By Published: July 22, 2008
AAJ: Wait a minute. Isn't he a football player?

TE: He sure is, yeah.

AAJ: How did I know that you would somehow get football in there?

TE: Well, it fits: the wide receiver is running an X route, you have an idea in your head, but the defense is going to be different every time, they're going to change what they're doing. Then so-and-so trips, you're running around trying to find something out of nothing—what goes on in that mental process? And each time you march a basketball down the court, everything is going to be different—you have a set play, but it's always different.

Taylor Eigsti

AAJ: I guess there is jazz in sports.

TE: Exactly. I'm also putting this book out because when I give workshops or lessons, I've seen some unbelievable breakthroughs where all of a sudden people are suddenly creating their own chords easily; five or six of them actually started tearing up.

AAJ: I need that book!

TE: It will take a few years. It will come with a video. I want it to be something that hasn't been written before—with all due respect, it's the polar opposite approach to Mark Levine's, and he's written the definitive jazz piano book.

AAJ: What about Shelly [Berg] and his target note method?

TE: I got a lot from studying with Shelly. He's a brilliant educator who goes beyond typical traditional methods. He gets into teaching people how to extract emotion, and he's one of the greatest teachers in that regard. My approach to teaching improvisation is a bit different, but it incorporates a lot of those elements. I think he's one of the really good ones.

There's also a whole chapter on things I hate about my own playing. The back part is blank, and it says "Your turn."

AAJ: So tell me: what do you hate about your own playing?

TE: I'd love for that to go on record. Unless I have a moment of autopilot in my brain, I'm usually hearing all the notes that I play. A lot of times, I hear a lot of notes, and that can get exhausting. And then occasionally—I think all musicians fall victim to this—I find that if I didn't really nail the third chorus, or make my statement, I'm like, "I messed it up!" and I'll take an angry chorus right after that. Many of us go on searching for something when we should have found it two choruses ago. I really hate the way I play too many notes sometimes. Those two elements are kind of combined for me.

AAJ: Is that an anxiety thing, do you think?

TE: No, it's just being in the moment, and getting so many ideas. I'm always looking for equilibrium and balance, and trying to have restraint; I think it's one of those things I've gotten better at over the years. It comes down to shaping, really: how do you structure an arrangement, how do you create an envelope of sound that people will want to listen to? I'm making a whole chapter of this kind of stuff.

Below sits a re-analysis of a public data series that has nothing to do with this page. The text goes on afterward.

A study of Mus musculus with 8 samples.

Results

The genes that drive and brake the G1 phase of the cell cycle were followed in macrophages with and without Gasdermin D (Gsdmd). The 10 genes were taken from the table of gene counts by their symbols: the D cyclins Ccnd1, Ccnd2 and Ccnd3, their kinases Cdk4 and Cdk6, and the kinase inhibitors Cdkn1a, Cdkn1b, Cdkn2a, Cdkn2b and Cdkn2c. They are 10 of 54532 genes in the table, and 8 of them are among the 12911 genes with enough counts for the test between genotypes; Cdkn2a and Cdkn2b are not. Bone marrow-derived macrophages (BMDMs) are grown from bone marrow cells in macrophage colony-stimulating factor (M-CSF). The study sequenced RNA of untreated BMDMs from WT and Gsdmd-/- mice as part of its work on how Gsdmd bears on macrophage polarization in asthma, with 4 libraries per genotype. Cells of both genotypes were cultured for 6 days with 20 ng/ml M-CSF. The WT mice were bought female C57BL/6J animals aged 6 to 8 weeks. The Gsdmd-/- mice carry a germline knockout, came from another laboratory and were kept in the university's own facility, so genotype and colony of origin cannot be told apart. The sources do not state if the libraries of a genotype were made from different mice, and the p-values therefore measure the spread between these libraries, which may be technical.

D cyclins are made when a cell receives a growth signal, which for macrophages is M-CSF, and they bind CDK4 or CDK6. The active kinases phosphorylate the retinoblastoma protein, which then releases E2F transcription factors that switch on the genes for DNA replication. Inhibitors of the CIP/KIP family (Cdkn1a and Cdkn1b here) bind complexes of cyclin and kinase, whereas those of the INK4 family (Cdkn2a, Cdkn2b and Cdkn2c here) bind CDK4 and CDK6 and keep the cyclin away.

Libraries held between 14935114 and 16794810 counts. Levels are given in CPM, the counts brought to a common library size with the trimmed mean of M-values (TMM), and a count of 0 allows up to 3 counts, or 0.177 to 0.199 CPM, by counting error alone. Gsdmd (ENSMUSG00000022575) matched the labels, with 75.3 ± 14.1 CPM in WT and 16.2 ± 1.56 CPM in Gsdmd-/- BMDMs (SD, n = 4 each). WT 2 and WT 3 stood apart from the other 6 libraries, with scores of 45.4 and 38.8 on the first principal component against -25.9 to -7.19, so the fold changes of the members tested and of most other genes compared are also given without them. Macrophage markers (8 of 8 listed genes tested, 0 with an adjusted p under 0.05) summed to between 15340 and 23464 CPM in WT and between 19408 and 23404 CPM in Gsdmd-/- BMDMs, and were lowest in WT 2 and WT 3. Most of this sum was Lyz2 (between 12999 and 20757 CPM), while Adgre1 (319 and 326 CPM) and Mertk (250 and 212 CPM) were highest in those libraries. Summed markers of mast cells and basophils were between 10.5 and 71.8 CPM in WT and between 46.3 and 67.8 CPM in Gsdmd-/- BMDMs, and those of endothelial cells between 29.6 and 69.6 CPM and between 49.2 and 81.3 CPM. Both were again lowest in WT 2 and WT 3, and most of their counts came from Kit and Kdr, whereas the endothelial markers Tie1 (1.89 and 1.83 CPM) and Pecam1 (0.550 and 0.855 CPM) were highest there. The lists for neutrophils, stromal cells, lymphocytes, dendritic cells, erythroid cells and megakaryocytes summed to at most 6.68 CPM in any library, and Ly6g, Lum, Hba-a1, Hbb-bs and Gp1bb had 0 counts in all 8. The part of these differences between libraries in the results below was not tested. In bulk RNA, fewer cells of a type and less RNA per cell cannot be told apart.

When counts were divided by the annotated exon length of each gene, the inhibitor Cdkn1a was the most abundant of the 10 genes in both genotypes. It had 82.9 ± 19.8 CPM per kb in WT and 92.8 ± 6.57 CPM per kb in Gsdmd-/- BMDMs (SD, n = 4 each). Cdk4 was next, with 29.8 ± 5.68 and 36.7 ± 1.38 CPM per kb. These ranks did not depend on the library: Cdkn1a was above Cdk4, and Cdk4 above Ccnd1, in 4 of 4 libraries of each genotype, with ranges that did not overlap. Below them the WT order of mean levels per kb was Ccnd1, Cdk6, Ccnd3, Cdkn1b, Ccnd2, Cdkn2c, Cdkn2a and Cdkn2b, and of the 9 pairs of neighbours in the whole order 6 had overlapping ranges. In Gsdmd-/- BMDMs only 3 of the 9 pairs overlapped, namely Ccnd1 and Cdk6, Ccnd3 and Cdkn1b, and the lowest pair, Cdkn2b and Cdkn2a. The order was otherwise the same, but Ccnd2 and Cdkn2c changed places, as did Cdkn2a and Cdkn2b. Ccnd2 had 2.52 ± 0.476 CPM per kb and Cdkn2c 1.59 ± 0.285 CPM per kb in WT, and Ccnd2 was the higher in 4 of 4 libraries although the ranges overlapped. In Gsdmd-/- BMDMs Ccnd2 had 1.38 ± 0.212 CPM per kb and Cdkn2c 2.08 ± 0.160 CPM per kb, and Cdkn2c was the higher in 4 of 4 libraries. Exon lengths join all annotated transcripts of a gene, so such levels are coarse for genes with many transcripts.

The thing is, when it involves emotion, you can play a lot of notes, or you can play just a few. If you look at some of my musical heroes: Hank Jones has a tendency to play very few notes, and makes so much music out of that, while one of my other heroes, Shelly Berg, plays a lot of notes, and he makes a lot of music too. People are on different sides of the fence in terms of how many notes they use to get their point across. And if this interview is any indication, I'm a long-winded person.

AAJ: I'll try to un-wind you a little when I transcribe this.

TE: Thanks. Another thing is that I'm always looking for ways to improve my left hand, because it feels like this old wise grandpa with arthritis, while my right hand is this chihuahua that's running all over the place, bringing his little doggy bones to Grandpa. I think they both need to learn from each other. Grandpa is so much wiser, but he needs to start getting his technique together, and the other guy needs to chill out. There are moments on the CD, especially in "Caravan," where I kind of went on a note explosion, but it was the effect I wanted, I wanted it to sound like total chaos, I wanted it to be a draining moment, kind of like a note bomb.

AAJ: Is that what the loops are for?

TE: That one little section, it had a one-second delay on it, so anything I would play, one second later, you'd hear the same notes again. As a result, a lot of them were criss-crossing. I just wanted that for about ten seconds, that moment of breakdown. We had to create something that leads to somewhere, an emotional moment.

AAJ: "Caravan" might be my favorite track on Let It Come To You. It's obvious that you were all having so much fun.

Taylor Eigsti / Chris BrubeckTE: That was the first take, too. Most of the stuff on there was first take. It was this miracle session. The [saxophonist] Joshua [Redman] track was nine minutes, but there was no way in hell we were taking it out. It was maybe the best three minutes of my life, that end vamp on "Timeline."

AAJ: I really like the way you listen when you trade fours with him: you're picking up everything he's putting down. It's such an affirmation of each other, and your conversation is almost like dancing.

TE: When we finished that track, [drummer] Eric [Harland] was literally jumping up and down in the air. He was so excited. When we listened to those trades, we were all high-fiveing—a wonderful moment—and it was to honor Michael Brecker too. I think something came over Joshua at the end of that tune; maybe Michael started coming through him. They're both such innovators and icons of their instrument; you can also feel the influence that Brecker had on Josh. It was really beautiful to see that whole thing happen. We all had goose bumps when it was over.